There's a long and interesting essay-plus-photos in the 9/10/20 Urban Omnibus, You’re Not Going to Tell Me When to Go Home, with an interview by urban designer Oscar Oliver-Didier. The summary:
What happened on the ground during the June 2020 protests in New York City? Below, John Xavier Acosta [JXA], an anti-racist movement and protest leader, and architect and protest photographer Gabriel Hernández Solano [GHS] document the month’s events verbally and visually. Gabriel created diagrams that not only help explain how these protests and occupations unfolded in place, but also serve as a visual record of police brutality, and as a catalogue of the diverse and evolving roles of protesters to claim public space. We have also included some of the photographs taken at the events he attended.
GHS observed that "During the first week, the protests were fueled purely by emotion. Everything was running organically on this rage." and that "The knee on George Floyd’s neck was the straw that broke the camel’s back," given the privation and insecurity.

JXA said "The thing that surprises me is just how brave my brothers and sisters have been during this whole protest. There’s been racism, and there’s been brutality, to the max. We’re not here to start any sort of violence, we’re being peaceful."

(That wasn't universal, I'd say, given vandalism and looting in certain areas, not necessarily by protestors but by some taking advantage of protests, plus counter-violence.)

Taking over infrastructure and "appropriating" Barclays

The interviewees were asked how "the city’s infrastructure — its bridges, its different urban elements — been used and taken advantage of as a backdrop for the protests and the Black Lives movement?"

"It’s been interesting to see the places that have been chosen, and how all the tools of capitalism, like the Citi bikes and Revel scooters, have been appropriated by the protestors to meet our ends," said GHS. "The bridges have a certain purpose: for people to cross over from one part of the city to another. Barclays Center was an epicenter of action at the beginning; it was totally appropriated for the protests."

I think he's right, and that conforms with my observation that the operators of the Barclays Center, who belatedly claimed to welcome peaceful protests, were acceding to reality, swapping ads for a Martin Luther King, Jr. quote, "The time is always right to do what is right,"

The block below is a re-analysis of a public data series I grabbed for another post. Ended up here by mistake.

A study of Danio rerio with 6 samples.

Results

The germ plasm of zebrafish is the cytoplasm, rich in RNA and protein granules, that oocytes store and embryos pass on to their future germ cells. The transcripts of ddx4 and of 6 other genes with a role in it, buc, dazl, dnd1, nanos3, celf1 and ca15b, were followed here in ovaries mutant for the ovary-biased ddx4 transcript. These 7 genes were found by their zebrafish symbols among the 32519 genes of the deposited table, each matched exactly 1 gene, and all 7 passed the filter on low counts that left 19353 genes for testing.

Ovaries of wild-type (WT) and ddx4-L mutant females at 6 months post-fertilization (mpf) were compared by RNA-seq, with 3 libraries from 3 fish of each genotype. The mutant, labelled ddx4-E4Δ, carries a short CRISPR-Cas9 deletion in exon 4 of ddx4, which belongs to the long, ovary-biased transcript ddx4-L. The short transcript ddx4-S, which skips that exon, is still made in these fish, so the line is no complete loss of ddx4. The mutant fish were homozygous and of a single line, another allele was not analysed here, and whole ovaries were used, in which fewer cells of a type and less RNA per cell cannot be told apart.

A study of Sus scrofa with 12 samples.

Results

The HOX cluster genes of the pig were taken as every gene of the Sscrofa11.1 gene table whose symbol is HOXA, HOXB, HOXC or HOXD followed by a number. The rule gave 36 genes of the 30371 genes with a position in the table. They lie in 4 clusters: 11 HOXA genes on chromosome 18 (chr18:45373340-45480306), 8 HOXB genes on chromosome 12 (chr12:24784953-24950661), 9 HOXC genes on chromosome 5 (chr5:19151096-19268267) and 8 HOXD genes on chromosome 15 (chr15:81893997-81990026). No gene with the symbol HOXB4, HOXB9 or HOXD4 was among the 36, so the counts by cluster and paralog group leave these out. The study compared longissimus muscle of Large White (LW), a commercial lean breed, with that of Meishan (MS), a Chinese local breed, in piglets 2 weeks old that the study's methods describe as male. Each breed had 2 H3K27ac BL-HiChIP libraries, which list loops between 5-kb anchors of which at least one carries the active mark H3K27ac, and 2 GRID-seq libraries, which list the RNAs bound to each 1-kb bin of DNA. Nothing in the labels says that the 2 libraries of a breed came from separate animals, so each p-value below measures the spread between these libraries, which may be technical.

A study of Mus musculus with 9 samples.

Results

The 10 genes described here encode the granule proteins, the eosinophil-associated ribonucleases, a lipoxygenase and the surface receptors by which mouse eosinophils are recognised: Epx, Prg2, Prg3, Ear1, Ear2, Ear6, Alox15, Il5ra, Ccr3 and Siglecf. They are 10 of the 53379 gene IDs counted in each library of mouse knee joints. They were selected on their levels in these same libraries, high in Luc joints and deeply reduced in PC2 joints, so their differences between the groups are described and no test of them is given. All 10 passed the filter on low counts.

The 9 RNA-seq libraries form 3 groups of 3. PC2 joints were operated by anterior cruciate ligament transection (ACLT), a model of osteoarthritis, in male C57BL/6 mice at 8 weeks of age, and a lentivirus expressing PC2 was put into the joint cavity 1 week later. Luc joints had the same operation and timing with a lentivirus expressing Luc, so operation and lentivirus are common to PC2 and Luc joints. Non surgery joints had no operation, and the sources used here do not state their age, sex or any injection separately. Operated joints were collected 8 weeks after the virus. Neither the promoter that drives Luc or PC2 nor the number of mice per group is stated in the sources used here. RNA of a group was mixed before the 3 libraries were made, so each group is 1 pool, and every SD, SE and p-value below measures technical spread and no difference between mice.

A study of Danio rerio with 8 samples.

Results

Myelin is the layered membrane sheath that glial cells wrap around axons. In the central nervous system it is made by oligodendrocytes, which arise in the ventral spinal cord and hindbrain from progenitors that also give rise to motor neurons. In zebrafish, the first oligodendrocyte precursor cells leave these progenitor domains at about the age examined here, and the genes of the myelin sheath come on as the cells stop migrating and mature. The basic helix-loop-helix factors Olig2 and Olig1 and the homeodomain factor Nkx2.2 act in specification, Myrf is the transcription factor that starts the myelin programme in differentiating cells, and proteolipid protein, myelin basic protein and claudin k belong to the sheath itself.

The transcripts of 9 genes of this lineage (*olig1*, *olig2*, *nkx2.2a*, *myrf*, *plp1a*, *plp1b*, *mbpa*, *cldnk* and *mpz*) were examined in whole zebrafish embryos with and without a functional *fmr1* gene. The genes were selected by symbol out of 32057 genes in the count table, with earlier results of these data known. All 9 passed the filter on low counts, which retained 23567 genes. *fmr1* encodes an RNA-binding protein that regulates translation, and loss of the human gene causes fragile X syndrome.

See photo from an early protest of a fire, graffiti, and a dislodged wayfinding sign in the Daily News' own coverage, screenshot at right.

The quote from Joe Tsai owner of the Brooklyn Nets and arena operating company: "If it continues to serve as a place where everyone from our community – from residents to businesses to police alike – gather peacefully to listen to each other and find common ground, then it’s good with me.”

As Jake Offenhartz wrote for Gothamist about the protests in general, "In both the level of rage from demonstrators and total lack of restraint from NYPD, last night’s protest was unlike anything I’ve seen in NYC."

I more recently wrote about Tsai's social justice commitment, including a $50 million fund over ten years.

“We aspire to leverage the unique space of Barclays Center and the Nets and Liberty to support the Brooklyn community’s shared desire for justice,” the BSE Global statement said, pledging efforts to “create ongoing and consistent community dialogue.”

“In partnership with law enforcement, we will encourage the Plaza at Barclays Center (corner of Flatbush and Atlantic) to continue to serve as a place for peaceful gatherings and for all constituents to listen to each other,” they added.

As I wrote, that not only skates over the occasional vandalism and tense stand-offs as protests began in late May, but also the seeming generosity ignores how arena operators were essentially forced into compliance by circumstance, creating an accidental new town square.